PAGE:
Many of you may think this title is a mistake or misleading or just plain stupid. Of all the complaints business owners have made, this particular complaint may not only be the most baffling, but the most indicative of a serious cash flow problem or problems. The truth of the matter is that it is COMPLETELY possible for a company to sell its way into a very deep hole. Unfortunately selling out of the hole may be harder than selling into the hole.
Let’s take the idea apart and examine some of its implications.
A conversation between the production manager and the sales manager might go something like this…” I can build them if you can sell them” - “I can sell them if you can build them.” Production gears up for much more work. Sales quotas are raised and the race is on. Soon the orders are flooding in and product is being built and shipped at a record pace. The sales graph looks like a hockey stick and management is very pleased. The business model appears validated from the standpoint that there is real interest in and desire for the product or service.
It would be great if the last paragraph was the end of the story. All too often though, this scenario is just the beginning of a much sadder story.
Let’s take a look at the two statements that began the race. “I can build them if you can sell them”. Product can be built in any number of units if adequate resources exist. The tricky part is assessing the adequacy of the resources. Is there surplus plant capacity, or will additional machinery, space, employees, or other needs have to be acquired? If so, at what cost and at what terms will they be acquired? Does the operating budget allow for and is discretionary cash flow available for these types of additional expenses? Is reasonably priced and appropriate financing available? Are there any “hidden” or other unexpected costs?
“I can sell them if you can build them”. The question pattern here is very similar. Are the resources adequate? Are more sales people needed? What will their ramp up time cost? Will the peak demand time decrease before the sales force becomes fully effective? What about additional travel and entertainment expenses? How quickly can those additional costs be recovered? Are there any potentially negative customer service implications? What about the company’s credit philosophy and practice?
Over the years many companies have fallen into the holes created by not asking and answering those and similar questions. As an owner, you may think adequate plant capacity exists. But, don’t loose sight of the fact that tools are more likely to break down under heavier use. Frequently, when production is dramatically increased, routine maintenance may be neglected. So, when the tool breaks, not only is it out of production and generating revenue, it may have to be repaired or replaced thereby creating unplanned expense.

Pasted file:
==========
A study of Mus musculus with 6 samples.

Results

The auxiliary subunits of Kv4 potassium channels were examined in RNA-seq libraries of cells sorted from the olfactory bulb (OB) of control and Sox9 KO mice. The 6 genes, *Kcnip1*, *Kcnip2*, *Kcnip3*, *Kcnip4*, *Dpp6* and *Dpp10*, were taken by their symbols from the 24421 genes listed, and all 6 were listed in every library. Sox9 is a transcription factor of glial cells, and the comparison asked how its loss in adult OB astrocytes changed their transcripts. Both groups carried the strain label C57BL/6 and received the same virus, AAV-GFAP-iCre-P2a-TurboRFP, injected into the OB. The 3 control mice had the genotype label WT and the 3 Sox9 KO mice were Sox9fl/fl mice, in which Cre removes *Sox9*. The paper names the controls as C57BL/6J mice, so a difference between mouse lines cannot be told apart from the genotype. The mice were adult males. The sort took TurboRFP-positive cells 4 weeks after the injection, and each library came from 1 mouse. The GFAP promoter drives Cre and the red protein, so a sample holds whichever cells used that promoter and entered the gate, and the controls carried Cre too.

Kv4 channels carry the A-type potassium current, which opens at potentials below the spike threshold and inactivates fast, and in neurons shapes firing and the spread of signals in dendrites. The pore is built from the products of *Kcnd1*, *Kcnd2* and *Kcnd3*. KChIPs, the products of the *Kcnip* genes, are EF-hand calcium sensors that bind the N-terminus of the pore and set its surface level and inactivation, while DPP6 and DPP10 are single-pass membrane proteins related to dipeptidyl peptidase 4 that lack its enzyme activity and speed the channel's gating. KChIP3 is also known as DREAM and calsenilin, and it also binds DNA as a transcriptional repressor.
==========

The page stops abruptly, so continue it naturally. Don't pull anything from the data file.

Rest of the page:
If additional space was needed and staff hired to meet the production requirements, was that space and staff obtained with an eye to the future? What happens if the additional production is a fluke and sustainable demand for the production doesn’t exist? Are there lease commitments that cost money? Can the new staff be easily eliminated, or will it continue to be a drag on the income statement?
In most industries it is very difficult to rapidly and significantly increase sales without some relaxing of credit standards. Relaxed credit standards lead to a longer collection period or in other words a longer cash-to-cash cycle. Relaxed credit standards frequently also lead to increased credit losses. Your company may easily have a thirty day money demand and a forty five or more day cash to cash cycle.
Credit and collection policies are very important and must be carefully considered when planning a dramatic volume increase. Your company needs a clear and practical credit and collection policy which sets out your expectations of your customers as well as your employees. Your customers should be expected to pay on time. Your employees should be well trained in good collection techniques to help you identify and build increased business with your GOOD customers and promptly collect the money due from those customers who aren’t so good. GOOD customers buy product and pay on time. Not so good customers buy a lot of product and pay when they see fit. There’s a big difference between the two that a sound credit and collection policy can help identify to your profitable advantage.
Increasing sales is fundamental to growing a business. However, poorly planned increased sales can lead to cash flow problems and other financial difficulties. Dramatic growth without proper planning can easily leave an owner saying “we’re selling more than ever – but we’re broke”.